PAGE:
Swim England is to submit evidence to a new inquiry which is to examine what help is needed to guarantee the survival of the community sports sector.

The Department for Digital, Culture, Media and Sport (DCMS) committee will look at the impact of the coronavirus pandemic on grassroots sports and clubs and how their future can be safeguarded.

Swim England chief executive Jane Nickerson has welcomed the inquiry but said it was clear the sector was in a perilous position and urgent financial support was swiftly needed.

The Sport in our Communities inquiry is calling for evidence from sports bodies, researchers and organisations and MPs will seek to identify specific action required by ministers to ensure community clubs and facilities get the help they require.

Julian Knight MP, the DCMS Committee chairperson, said: “We’ve heard a lot about Covid’s impact on elite professional sport but we want to shift the focus to our communities – our venues, clubs and local teams.

“Grassroots sport has been hit particularly hard by lockdown and concerns over public health. We cannot take for granted the survival of clubs that offer so much to the people who engage with them and support them.

“We’ll be looking at what help is needed now to safeguard sports clubs, especially those whose viability was in doubt even before the pandemic.

“We’ll be questioning the organisations whose role it is to actively support them and asking when it comes to spending public money, how far up the ladder should community sport come?”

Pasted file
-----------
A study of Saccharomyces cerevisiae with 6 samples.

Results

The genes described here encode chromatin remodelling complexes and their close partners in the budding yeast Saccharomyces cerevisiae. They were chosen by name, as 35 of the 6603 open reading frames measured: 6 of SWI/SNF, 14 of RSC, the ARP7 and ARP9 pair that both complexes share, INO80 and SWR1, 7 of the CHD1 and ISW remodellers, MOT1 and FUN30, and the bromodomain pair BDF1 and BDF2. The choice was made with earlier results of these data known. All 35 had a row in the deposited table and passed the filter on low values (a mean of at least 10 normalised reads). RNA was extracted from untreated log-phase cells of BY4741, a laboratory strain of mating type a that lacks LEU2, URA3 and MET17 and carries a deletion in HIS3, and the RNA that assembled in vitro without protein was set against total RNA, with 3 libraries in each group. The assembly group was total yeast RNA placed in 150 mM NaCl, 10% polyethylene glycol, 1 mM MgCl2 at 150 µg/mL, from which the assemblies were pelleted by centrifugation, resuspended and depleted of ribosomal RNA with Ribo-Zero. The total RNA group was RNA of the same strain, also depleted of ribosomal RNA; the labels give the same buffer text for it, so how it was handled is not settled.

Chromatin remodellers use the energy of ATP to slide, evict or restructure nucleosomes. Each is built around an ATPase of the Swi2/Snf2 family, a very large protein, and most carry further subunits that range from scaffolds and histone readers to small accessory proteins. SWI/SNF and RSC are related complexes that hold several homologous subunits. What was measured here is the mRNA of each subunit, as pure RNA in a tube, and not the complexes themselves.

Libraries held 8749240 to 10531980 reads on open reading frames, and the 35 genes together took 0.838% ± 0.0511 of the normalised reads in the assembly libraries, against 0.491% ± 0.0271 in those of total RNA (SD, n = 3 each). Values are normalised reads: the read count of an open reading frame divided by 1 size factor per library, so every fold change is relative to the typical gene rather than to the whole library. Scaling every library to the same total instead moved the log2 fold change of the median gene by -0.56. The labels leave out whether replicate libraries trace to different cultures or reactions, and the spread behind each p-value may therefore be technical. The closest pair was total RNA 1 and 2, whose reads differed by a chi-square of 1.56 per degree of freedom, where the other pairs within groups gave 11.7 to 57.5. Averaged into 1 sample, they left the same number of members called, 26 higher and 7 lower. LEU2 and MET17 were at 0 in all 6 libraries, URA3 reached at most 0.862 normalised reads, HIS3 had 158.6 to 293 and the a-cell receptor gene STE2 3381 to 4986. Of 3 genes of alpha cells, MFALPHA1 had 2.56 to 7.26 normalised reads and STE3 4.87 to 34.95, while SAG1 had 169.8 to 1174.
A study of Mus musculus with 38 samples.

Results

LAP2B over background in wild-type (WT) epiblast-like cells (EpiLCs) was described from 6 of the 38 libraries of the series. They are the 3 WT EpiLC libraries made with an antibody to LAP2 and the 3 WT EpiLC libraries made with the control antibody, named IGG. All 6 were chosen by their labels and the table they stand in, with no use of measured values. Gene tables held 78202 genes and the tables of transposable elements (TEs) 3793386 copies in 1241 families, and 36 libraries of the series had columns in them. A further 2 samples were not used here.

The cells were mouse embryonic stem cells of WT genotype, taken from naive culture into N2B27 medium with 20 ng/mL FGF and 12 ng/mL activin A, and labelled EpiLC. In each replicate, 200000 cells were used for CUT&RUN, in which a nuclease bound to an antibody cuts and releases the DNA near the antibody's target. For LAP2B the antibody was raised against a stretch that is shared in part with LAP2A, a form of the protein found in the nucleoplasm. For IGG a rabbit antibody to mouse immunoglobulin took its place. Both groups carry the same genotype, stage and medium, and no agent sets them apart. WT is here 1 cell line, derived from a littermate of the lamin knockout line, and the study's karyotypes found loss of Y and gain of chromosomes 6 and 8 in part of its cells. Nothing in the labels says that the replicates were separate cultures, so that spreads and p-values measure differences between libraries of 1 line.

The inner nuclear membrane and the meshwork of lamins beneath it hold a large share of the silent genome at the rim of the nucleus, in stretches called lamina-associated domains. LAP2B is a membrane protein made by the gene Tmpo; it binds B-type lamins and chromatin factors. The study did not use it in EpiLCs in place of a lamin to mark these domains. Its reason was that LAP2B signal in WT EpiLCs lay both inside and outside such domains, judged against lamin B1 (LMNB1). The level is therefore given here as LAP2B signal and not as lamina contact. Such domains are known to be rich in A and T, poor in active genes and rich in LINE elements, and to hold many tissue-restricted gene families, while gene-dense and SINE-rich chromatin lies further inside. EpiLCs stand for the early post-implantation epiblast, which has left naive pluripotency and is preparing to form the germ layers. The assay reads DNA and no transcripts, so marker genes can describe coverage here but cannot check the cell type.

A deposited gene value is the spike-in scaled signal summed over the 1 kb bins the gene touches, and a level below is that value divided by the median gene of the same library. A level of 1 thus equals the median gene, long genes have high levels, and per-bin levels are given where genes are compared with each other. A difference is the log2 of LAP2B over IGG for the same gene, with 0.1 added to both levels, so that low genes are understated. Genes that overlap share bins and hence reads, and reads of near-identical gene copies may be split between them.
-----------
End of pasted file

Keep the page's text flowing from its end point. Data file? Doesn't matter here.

Clubs are also being encouraged to submit evidence to the Sport in our Communities inquiry.

Jane said: “While we’re pleased that the future viability of grassroots sports, facilities and clubs has not been forgotten about, we believe it’s clear that the sector needs swift financial support to help them through these troubling times.

Keep fighting for successful resolution

“It’s been almost three months since facilities were allowed to reopen yet there are still 200 public pools indefinitely closed.

“We will be highlighting to the inquiry the plight of these facilities, the clubs that are yet to get back into the water and those whose jobs may be at risk due to these continued closures.

“Those clubs that are in the water are also in need of help as many are facing increased pool-hire costs and a loss in income.

“Millions of people are still missing out on participating in the aquatics sports they love at a time when exercise and activity is desperately needed to help people’s mental and physical wellbeing.

“We’re doing our best to support the athletes on our talent pathway across all disciplines with virtual training camps but it’s not the same as being in the pool, while a generation is at risk of missing out on the vital life skill of learning how to swim and enjoy the water safely.

“This is why we continue to be a driving force behind the #SaveLeisure campaign and will keep fighting for a successful resolution for all our members, athletes, affiliated clubs and recreational swimmers up and down the country.”